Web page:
DENMARK: Questions raised over PhD expansion
The intake of PhD students doubled between 2006 and 2010, when universities established 53 research schools in one of the largest investment programmes in Scandinavian higher education.
In 2010, 30% of new PhDs were from overseas - and in technological sciences 40% were international students.
Based on an international evaluation report in 2006, A Public Good - PhD education in Denmark, the Danish parliament agreed to target an intake of 2,800 new PhD students in 2012, up from 1,445 in 2005, an increase of 94%. During the expansion, doctoral training would be reorganised in doctorate schools.
The Auditor of State Accounts has warned the government that it will be tracking its detailed response to questions raised in a report in May, which due to the summer break is only now provoking a public debate.
The report questioned the rationale behind the policy and recommended new research into the employment demand for PhD candidates, notably in the private sector, and into steps that could be taken to ensure that more international PhDs choose to stay in Denmark after graduation.
The report says PhD positions are being filled by candidates from abroad because Danish universities are not producing enough masters graduates to fill them.
In Denmark, PhD students are normally employees of universities, with an attractive salary and no liability for tuition fees.
In 2006 parliament decided that priorities for the expansion of PhD positions should be in the natural sciences, health sciences and technological sciences. The report says that the ministry failed to analyse how the universities could provide sufficient masters candidates in these fields.
The percentage of foreign PhD students among new recruits increased from 15% in 2000 to 30% in 2009, while the number of foreign citizens working for a Danish PhD rose from 498 in 2000 to 1,462 in 2009. Of new entrants, the increase is from 133 foreign citizens in 2000, to 462 in 2009. In technological sciences the percentage of foreign citizens peaked at 43% in 2008, while for natural sciences the percentage rose from 13% in 2006 to 28% in 2009.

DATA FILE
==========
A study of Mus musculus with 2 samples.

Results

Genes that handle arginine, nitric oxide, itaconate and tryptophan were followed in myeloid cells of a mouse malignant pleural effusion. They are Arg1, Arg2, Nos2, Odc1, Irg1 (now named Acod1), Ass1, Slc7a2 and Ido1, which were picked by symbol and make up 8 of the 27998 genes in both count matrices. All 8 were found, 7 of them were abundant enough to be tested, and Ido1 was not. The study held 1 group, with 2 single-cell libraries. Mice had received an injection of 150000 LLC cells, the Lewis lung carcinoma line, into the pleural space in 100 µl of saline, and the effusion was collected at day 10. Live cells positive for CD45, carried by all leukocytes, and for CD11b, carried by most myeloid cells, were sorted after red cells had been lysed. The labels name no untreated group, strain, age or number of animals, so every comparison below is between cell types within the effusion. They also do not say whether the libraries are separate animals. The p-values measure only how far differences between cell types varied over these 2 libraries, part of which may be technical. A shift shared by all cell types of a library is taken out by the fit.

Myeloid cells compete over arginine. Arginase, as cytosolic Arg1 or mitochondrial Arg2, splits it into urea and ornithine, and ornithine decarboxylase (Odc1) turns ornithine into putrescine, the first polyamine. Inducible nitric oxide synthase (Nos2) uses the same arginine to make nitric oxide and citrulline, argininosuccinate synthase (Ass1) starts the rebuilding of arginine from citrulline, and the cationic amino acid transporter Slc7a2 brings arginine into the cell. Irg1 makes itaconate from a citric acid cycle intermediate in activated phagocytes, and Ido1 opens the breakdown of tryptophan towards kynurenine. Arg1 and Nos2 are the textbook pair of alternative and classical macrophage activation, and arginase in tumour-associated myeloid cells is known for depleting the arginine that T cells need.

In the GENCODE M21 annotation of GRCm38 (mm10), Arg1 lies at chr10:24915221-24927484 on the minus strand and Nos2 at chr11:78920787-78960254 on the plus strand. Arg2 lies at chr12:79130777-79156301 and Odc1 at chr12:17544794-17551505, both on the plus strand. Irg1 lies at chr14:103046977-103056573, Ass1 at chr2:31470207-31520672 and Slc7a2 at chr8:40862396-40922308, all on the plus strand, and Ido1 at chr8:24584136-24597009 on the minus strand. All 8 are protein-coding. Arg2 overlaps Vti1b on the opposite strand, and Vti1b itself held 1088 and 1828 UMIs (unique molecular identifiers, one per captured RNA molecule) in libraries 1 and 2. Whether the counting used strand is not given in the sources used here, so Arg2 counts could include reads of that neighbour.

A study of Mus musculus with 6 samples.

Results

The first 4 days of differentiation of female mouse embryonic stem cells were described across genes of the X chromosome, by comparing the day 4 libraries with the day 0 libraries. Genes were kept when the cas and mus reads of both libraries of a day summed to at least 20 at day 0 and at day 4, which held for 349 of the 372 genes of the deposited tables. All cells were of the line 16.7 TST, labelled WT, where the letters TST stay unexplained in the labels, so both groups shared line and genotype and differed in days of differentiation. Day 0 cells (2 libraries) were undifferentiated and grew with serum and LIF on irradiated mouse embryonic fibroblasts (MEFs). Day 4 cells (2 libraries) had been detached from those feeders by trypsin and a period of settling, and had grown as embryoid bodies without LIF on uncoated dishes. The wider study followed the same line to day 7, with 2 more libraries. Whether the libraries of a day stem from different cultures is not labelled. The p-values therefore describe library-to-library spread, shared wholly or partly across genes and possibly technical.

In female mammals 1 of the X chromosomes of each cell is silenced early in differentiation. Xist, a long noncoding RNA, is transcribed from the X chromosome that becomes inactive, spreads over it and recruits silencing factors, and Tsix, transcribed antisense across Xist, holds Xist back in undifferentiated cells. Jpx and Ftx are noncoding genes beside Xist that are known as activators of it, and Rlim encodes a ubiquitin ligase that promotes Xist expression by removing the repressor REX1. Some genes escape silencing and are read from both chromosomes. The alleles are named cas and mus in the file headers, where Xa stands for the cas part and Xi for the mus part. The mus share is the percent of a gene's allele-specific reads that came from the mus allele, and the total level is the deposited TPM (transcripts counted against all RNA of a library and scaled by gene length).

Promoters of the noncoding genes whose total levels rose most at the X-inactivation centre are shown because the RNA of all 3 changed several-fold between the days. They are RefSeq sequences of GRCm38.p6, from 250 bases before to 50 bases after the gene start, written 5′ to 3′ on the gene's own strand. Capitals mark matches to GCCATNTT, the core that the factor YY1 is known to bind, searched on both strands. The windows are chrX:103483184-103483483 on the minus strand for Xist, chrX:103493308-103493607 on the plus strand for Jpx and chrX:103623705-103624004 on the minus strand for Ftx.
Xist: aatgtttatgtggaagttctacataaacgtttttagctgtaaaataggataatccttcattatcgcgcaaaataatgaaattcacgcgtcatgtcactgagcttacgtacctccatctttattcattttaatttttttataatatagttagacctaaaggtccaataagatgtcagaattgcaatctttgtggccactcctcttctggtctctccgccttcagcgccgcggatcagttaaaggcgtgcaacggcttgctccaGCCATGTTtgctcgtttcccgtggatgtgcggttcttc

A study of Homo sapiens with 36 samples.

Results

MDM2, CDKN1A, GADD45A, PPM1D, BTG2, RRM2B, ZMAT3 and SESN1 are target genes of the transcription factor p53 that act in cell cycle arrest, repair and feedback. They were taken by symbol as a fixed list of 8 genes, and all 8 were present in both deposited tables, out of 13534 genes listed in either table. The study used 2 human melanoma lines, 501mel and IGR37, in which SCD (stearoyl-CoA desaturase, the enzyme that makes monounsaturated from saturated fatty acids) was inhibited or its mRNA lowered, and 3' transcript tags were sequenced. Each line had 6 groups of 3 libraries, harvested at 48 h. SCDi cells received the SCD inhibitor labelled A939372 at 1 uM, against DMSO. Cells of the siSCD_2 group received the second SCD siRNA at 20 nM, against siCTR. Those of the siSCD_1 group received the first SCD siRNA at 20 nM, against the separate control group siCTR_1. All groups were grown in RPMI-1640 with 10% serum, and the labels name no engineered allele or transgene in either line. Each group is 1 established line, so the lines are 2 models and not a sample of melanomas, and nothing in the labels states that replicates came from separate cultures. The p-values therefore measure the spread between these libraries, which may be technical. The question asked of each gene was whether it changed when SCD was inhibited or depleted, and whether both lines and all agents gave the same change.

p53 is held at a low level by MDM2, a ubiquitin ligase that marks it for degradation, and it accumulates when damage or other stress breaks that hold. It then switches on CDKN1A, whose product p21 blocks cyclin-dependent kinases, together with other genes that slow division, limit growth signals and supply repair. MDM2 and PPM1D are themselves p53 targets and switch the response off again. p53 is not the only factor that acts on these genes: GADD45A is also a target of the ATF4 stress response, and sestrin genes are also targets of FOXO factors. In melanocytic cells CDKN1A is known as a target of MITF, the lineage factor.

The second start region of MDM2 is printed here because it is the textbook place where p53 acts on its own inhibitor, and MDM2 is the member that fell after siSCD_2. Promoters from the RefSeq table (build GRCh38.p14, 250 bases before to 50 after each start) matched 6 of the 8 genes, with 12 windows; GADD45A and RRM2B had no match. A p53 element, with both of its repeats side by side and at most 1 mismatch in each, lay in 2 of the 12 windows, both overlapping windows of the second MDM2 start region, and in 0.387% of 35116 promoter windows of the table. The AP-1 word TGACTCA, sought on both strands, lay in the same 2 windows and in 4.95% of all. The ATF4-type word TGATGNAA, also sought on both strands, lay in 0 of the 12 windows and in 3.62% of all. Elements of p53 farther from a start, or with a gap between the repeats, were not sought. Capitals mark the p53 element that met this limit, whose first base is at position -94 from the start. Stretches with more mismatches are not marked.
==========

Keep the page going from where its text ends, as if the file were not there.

One of parliament's basic preconditions for the increased investment was that the international PhDs would benefit Denmark economically and socially. But the report says there is a clear risk that the PhDs will not stay in the country after graduation and their contribution to growth and welfare will be lost.
Professor Sverker Sørlin of the Royal Technological University in Stockholm, who chaired the 2006 evaluation consortium, told University World News that the expansion "is good for Denmark, for Danish society and for Danish industry".
He said that universities seemed to have been able to maintain and even improve the quality of training. This demonstrated that the 2006 evaluation was "timely".
But he thinks there may be a need to rethink priorities. Referring to the emphasis on the medical and technical sectors, he said: "I wonder if humanities and social sciences have been left too far behind? The grand challenges facing nations and humanity as a whole today require super-qualified people in all sectors and it is not just a matter of preparing people for business but for global problem-solving."
In 2007 a Danish Business Research Academy (DEA) investigation showed that the private sector employed 131% more PhDs than in 1998 - 125 compared to 54 with a greater increase likely if supply had matched demand.
Stina Vrang Elias, CEO of DEA, told University World News that there was a "clear need" for PhDs from disciplines other than natural sciences, technology and health. "We would have preferred that the investment had not excluded applicants from the social sciences and the humanities," she said.
She estimated that the demand for economists would be three times greater than supply in 2015.
The audit report says that it is not possible to establish what effect the setting up of 53 research schools has had on completion rates or time to completion.
The auditor has warned the government that it will track its recording of more detailed and comparable information on PhD education, and its analysis of how PhDs are contributing to the productivity of Danish companies, the chances of PhDs getting work, the recruitment of foreign students and chances of keeping them in Denmark after completion, and how effectively the investment in PhDs is increasing public research.
Meanwhile, university funding is projected to fall in 2012 and 2013 as a result of research funding being set at 1% of gross national product, which is falling. Universities Denmark says austerity measures proposed by the present government will lead to a EUR112.5 million (US$162.5) cut in funding to universities.
Rasmus Prehn, a spokesman for the opposition group of the Social Democrats and Socialist parties, said they would keep the governmental research budget at the 2011 level, should they be returned to power in the general election on 15 September.